Another of those yearly comedy entries into the United States from the British Isles in the best tradition of "The Full Monty", "Waking Ned" and "Brassed Off". These films have similar virtues: low budgets, relatively unknown casts, simple stories that involve human foibles, comedy that arises from the central issue, a central issue that affects lives that most of us can relate to, and more.
The cast in these films is usually headed by one actor who is well known in the country of origin but is generally unknown here. Such actors might include David Kelly ("Greenfingers", "Waking Ned"), Robert Carlisle ("The Full Monty") and Pete Postlethwaite ("Brassed Off"). Ofttimes, the success of the film leads to a wider selection of film roles for the actor(s) involved and greater name recognition on American shores.
"Greenfingers" differs from these in the respect that the cast is headed by two important international names. First, the hard-edged Clive Owen who here demonstrates what we might never have guessed from "Croupier" and his splendid BBC series, "Second Sight"... that he has a light comedic side. And, secondly, but second place to none, the versatile and always excellent, Helen Mirren ("The Long Good Friday", "Losing Chase" and the 4-season "Prime Suspect").
Clive Owen's usual steeliness is reflected distantly in the character he plays, Colin Briggs, who is barely out of prison for murdering his brother. Shortly after we meet him in the introductory sequence, he smashes a gardening store window in order to retrieve a bouquet of yellow roses, leave them on the doorstep of girlfriend Primrose Woodhouse, and give himself up to the arms of the law with the wry comment, "what took you so long?"
He has thus returned himself to Edgefield, a minimum-security and very progressive prison in England's Cotswalds region from whence he was recently released. Yes, under the influence of his prison cellmate, the frail but vigorous Fergus Wilks (David Kelly), Briggs has led a gardening detail of thugs and murderers into the joys of gardening and himself into what seemed a pretty complete rehabilitation. What causes him to return to prison is the need to resume his leadership role in order for the prison gardeners to adequately compete in the competition at the Hampton Court Palace Flower Show. Improbable as this appears to be, it's based on an ongoing reality in English gardening circles.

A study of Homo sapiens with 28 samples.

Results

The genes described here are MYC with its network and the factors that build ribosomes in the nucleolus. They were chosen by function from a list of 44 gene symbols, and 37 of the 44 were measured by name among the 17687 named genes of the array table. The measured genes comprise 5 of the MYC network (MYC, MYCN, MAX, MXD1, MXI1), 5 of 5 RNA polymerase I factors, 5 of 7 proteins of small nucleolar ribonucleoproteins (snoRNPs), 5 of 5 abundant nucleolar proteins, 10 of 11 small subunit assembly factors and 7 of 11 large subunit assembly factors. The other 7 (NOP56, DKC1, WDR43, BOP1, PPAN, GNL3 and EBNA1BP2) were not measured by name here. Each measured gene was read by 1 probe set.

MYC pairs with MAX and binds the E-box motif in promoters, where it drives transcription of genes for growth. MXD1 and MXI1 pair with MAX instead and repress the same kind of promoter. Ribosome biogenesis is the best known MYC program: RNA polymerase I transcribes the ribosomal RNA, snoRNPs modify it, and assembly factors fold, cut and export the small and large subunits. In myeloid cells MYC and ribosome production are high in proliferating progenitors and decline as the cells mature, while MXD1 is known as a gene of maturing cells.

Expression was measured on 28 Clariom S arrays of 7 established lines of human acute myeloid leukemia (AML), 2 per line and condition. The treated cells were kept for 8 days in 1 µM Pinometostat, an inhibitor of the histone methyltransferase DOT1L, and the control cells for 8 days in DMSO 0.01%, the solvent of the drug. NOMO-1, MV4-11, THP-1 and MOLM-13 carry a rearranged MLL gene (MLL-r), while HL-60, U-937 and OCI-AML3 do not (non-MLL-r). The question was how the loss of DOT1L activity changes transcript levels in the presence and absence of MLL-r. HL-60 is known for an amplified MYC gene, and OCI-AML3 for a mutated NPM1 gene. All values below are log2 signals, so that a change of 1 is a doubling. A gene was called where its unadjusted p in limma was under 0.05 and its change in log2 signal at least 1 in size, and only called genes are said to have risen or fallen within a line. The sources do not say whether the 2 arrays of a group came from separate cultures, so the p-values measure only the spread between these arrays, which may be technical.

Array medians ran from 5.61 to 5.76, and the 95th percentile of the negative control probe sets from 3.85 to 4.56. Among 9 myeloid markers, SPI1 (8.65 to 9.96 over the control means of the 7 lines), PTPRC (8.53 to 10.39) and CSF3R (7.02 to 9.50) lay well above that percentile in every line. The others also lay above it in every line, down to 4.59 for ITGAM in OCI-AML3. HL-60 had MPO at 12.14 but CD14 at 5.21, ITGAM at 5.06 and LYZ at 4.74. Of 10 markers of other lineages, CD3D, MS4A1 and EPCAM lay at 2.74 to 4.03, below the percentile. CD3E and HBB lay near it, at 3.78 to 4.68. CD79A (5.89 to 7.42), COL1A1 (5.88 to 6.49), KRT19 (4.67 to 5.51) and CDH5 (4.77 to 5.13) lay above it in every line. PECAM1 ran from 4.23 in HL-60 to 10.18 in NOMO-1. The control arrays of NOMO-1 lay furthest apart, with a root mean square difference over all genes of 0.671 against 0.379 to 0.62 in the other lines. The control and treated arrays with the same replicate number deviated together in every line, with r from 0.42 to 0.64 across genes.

In large part, the prison gardeners are making their mark in society through their discovery and subsequent publicity by the virtual queen of gardening on the British isle, no less than the Julia Child of gardening, Georgina Woodhouse (Mirren, in a highly spirited and lovely looking role). She is so followed on the telly by all the gardeners of England (and the would-bes) that her support of such a group has virtually ensured their public notice.
And, though this grande dame of horticulture has completely embraced the prisoners' achievements, even trusting them to perform as a crew in her contract work, she is taken aback when her own daughter, whom she has named Primrose, declares her intention to marry Colin, an ex-con. As progressive as Georgina is in using and supporting these men in their gardening ventures, she needs to examine her conscience when it comes to forming so personal a relationship with one, even if he happens to be the most talented and attractive of the lot.
Yes, this little drama revolves around the success of a prison gardening contingent rising to the challenge of national competition. In it, deeper issues are involved, including the cancer death of a member of the group, the challenges of mutual trust, prison recidivism and problems of reentrance into society of a convict... including falling in love with an angelic civilian. But, not to worry, it's all quite light and lovely and, if you enjoyed "Billie Elliott" or any of the films mentioned above, you're very likely to go away all smiling and warm.
It leaves you with so good a feeling, in fact, that I wouldn't dream of spoiling the stroll through the garden by pointing out the weeds. Yes, there are story flaws, inconsistencies, preachiness, oversentimentality, and other weaknesses, including some lack of conviction with the flowers, but detailed analysis doesn't seem to fit the well-intentioned enterprise.
Mirren's flair in the Woodhouse role is spot-on, while the usually unapproachable Clive Owen is appropriately accessible. The story was inspired by Paula Deitz's 1998 NY Times article, "Free to Grow Bluebells in England", and was written and directed by Joel Hershman.